UTS Gallery & Art Collection has launched The Watters Gift, a digital and print publication that celebrates the single largest donation to the UTS Art Collection in its 30-year history. The publication and series of online events will celebrate 67 works by 27 Australian artists gifted to UTS by one of Australia’s most influential gallerists, Frank Watters.
Watters Gallery, established in 1964 by Watters and co-directors Geoffrey and later Alexandra Legge, was one of Australia’s longest-running commercial galleries. In 2018, it closed its doors after 54 years of supporting Australian artists.
“Many of the artists included in Frank Watters’ gift to UTS went on to become some of Australia’s most critically acclaimed, while Watters Gallery paved the way for the arts scene in Sydney as we know it today,” says UTS Curator Stella Rosa McDonald.
Curated by Tania Creighton, the collection features works by Micky Allen, Susan Andrews, George Barker, John Bartley, Roger Crawford, Neil Evans, Vivienne Ferguson, Joe Frost, Peter Godwin, Rew Hanks, David Hawkes, Catherine Hearse, Jumaadi, Hendrick Kolenberg, Richard Larter, Jasper Legge, Euan Macleod, Chris O’Doherty, John Peart, Jon Plapp, Evan Salmon, Ken Searle, Paul Selwood, Tony Tuckson, Ruth Waller, and Max Watters.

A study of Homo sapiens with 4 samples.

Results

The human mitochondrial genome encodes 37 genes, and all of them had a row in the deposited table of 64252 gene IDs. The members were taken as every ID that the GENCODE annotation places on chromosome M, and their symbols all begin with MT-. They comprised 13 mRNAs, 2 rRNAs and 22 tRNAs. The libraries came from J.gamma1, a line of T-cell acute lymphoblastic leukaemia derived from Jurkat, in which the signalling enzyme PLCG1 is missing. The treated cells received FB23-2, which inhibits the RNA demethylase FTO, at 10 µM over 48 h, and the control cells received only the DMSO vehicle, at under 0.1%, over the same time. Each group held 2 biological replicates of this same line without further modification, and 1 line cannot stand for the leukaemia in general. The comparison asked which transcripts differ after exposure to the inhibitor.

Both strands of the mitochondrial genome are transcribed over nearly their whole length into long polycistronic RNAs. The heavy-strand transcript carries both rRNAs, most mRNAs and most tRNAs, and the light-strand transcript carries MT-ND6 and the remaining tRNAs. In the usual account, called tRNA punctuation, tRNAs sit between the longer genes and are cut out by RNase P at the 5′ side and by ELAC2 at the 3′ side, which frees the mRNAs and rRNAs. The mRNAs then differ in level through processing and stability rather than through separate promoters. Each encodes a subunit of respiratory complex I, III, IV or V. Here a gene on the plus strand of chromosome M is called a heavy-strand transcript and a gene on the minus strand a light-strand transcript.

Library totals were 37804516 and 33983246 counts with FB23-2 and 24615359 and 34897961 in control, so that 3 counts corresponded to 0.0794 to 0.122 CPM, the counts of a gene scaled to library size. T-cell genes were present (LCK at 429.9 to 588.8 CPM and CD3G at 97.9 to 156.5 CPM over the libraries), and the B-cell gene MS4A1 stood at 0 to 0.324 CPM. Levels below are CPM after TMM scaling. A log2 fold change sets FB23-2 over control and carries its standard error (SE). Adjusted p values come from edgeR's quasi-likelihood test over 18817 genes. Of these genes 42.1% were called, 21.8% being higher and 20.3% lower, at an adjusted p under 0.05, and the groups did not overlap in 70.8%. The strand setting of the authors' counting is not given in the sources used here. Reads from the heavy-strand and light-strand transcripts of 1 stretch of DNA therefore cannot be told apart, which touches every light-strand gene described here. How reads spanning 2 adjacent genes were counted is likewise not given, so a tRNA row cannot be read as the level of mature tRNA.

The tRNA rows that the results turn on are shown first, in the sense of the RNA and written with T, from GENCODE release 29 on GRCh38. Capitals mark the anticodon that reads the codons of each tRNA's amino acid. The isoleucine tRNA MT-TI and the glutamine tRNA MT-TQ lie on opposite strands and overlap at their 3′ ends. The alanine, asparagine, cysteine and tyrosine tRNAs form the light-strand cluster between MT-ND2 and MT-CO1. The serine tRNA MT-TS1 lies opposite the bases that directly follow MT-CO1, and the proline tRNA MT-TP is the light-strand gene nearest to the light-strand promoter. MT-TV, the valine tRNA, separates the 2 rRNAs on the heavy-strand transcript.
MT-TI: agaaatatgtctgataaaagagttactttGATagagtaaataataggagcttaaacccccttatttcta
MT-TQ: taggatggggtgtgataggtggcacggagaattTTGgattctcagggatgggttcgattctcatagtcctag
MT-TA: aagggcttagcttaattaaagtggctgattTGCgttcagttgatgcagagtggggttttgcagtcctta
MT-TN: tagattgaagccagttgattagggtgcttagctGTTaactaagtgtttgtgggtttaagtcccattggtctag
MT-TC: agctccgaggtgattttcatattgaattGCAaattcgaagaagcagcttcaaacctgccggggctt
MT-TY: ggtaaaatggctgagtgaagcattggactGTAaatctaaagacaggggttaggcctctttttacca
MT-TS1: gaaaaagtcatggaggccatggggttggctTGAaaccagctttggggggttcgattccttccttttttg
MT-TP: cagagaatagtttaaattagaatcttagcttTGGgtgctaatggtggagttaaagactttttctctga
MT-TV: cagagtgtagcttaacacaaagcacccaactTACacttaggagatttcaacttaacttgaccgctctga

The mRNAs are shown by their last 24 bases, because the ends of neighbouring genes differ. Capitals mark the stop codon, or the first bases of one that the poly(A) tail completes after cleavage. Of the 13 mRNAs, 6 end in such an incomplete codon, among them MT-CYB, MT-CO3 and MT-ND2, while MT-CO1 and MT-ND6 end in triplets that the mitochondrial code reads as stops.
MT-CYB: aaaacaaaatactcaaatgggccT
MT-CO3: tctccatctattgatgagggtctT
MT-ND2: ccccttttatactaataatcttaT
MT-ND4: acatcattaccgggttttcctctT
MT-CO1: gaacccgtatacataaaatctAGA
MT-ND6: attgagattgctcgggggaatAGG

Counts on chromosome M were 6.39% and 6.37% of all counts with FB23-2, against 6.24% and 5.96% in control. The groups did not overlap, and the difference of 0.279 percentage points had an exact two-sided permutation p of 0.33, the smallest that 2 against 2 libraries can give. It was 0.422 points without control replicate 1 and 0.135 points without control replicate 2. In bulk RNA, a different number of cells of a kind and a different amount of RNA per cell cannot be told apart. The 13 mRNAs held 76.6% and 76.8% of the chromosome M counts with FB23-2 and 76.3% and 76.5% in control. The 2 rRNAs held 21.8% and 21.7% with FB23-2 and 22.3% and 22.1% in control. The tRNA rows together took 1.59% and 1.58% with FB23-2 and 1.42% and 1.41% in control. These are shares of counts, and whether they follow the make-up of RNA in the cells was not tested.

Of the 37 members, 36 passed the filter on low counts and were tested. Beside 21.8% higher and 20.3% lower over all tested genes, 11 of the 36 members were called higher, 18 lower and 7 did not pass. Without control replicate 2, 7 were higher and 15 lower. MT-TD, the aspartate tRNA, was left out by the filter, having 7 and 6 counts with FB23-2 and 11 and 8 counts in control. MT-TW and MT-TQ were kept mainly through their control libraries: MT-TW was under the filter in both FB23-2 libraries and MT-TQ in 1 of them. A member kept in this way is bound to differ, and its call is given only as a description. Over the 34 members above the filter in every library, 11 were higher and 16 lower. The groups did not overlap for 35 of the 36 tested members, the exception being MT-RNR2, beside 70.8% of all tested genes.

Coinciding with the launch of The Watters Gift is a series of musical performances Soundscapes, a sonic response to the artworks by UTS Ensemble in Residence, the Australian Piano Quartet. Soundscapes will be scheduled weekly from 1 June, and will be available on the UTS Gallery & Art Collection website and social media channels.
As a compendium of visual and musical artworks, The Watters Gift commemorates Frank Watters’ generosity, and provides a vibrant history of Australian art practice. “Frank Watters’ legacy and that of Watters Gallery feels particularly poignant,” says McDonald. “It reminds us that art – sometimes difficult and always humanising – is the deepest expression of our culture and is worth protecting.”
ARTICLE UPDATE: Watters passed away peacefully on 21 May 2020. One of the gentle men of the Sydney art world, he will be dearly missed.